During my Storywise TV Spec and Pilot Teleseminar on Monday night, Glen Mazzara, showrunner on the WALKING DEAD, joined us to critique pitches. This is what he had to say;
- Make sure to pitch versus read your pitch. I think that in this circumstance, it was very natural to read it but they say when you go in a room that you should have it memorized. I think he had an EXCELLENT tip of being able to visualize and the fact that it is call “showbiz.”
- Lead with a description of your central character in the story. I do love what Glen said with regards to leading with your character in action in the story because this will sell you project. So, it’s almost like you would be starting with a brief of your A story with your character in action. I actually think that a well-written log line will do the same thing.
- In listening to the pitches last night, I realized that the thing about the log line is that it has to be strong. A log line can reveal and often does reveal the weakness in your story. So, make sure that your log line embodies the hook and shines a light on your central character in action. Also, you may not want to say here is my log line. You might just say something like, “Let me tell you about the A story” and give your log line.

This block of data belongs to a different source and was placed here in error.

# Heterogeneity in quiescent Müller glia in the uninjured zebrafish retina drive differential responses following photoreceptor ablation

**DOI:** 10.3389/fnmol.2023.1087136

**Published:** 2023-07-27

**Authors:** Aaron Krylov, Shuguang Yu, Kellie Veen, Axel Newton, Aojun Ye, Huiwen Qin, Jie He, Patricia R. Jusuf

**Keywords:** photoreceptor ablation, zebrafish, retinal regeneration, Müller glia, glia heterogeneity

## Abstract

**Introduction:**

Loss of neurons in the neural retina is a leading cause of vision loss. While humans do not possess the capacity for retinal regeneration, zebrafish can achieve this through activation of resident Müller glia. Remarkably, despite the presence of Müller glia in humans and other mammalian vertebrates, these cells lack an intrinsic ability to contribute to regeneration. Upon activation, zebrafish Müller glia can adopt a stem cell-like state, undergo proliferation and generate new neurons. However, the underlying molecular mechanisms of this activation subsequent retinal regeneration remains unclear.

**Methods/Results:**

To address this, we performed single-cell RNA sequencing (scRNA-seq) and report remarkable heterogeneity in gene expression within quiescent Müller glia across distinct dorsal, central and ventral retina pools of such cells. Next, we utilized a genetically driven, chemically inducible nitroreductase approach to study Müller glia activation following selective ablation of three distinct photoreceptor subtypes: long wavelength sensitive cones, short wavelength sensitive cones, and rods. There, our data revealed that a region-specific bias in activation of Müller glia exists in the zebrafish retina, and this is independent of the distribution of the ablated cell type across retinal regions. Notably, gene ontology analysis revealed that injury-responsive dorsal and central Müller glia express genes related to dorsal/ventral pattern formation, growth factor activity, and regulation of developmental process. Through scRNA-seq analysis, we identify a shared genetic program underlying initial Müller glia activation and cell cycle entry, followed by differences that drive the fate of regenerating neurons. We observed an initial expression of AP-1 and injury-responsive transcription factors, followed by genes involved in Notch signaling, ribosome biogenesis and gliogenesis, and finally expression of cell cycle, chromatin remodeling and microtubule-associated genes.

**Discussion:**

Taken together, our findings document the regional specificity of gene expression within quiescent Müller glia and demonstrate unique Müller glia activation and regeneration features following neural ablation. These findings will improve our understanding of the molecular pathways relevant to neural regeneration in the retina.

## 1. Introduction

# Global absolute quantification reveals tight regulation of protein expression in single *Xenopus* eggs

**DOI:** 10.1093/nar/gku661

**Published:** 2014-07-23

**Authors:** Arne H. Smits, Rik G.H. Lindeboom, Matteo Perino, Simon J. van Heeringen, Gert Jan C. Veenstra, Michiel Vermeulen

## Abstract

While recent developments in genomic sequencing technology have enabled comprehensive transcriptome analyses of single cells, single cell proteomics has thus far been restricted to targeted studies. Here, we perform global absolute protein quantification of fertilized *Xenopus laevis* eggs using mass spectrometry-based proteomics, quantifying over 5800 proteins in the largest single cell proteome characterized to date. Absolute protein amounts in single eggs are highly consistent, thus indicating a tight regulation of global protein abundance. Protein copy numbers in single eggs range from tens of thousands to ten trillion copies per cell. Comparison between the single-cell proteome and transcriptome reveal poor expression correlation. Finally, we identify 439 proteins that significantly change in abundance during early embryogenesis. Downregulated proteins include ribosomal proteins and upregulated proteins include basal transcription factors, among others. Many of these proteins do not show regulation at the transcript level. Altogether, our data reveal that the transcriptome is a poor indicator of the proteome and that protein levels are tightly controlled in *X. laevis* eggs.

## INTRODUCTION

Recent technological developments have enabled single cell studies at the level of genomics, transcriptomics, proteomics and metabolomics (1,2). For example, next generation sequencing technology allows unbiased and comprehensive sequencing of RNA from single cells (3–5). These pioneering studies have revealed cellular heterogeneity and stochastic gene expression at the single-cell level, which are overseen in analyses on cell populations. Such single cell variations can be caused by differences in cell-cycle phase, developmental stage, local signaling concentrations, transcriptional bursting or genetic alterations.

- Do not lead with the world. You want to have a sense from the beginning of how your central character interacts in that world.
- Do not mention your nerves. Own your spot in the room. Know that they need to hear your story.
- Pause. Take the time to pause. Then, give them a personal piece about your character that is unexpected.
- Remember that this is a VISUAL language. Tell a story and focus on the actors and the drama. What are the characters doing? Who are the characters?
- Keep your pitch simple, clean, visceral. Get your audience engaged right away.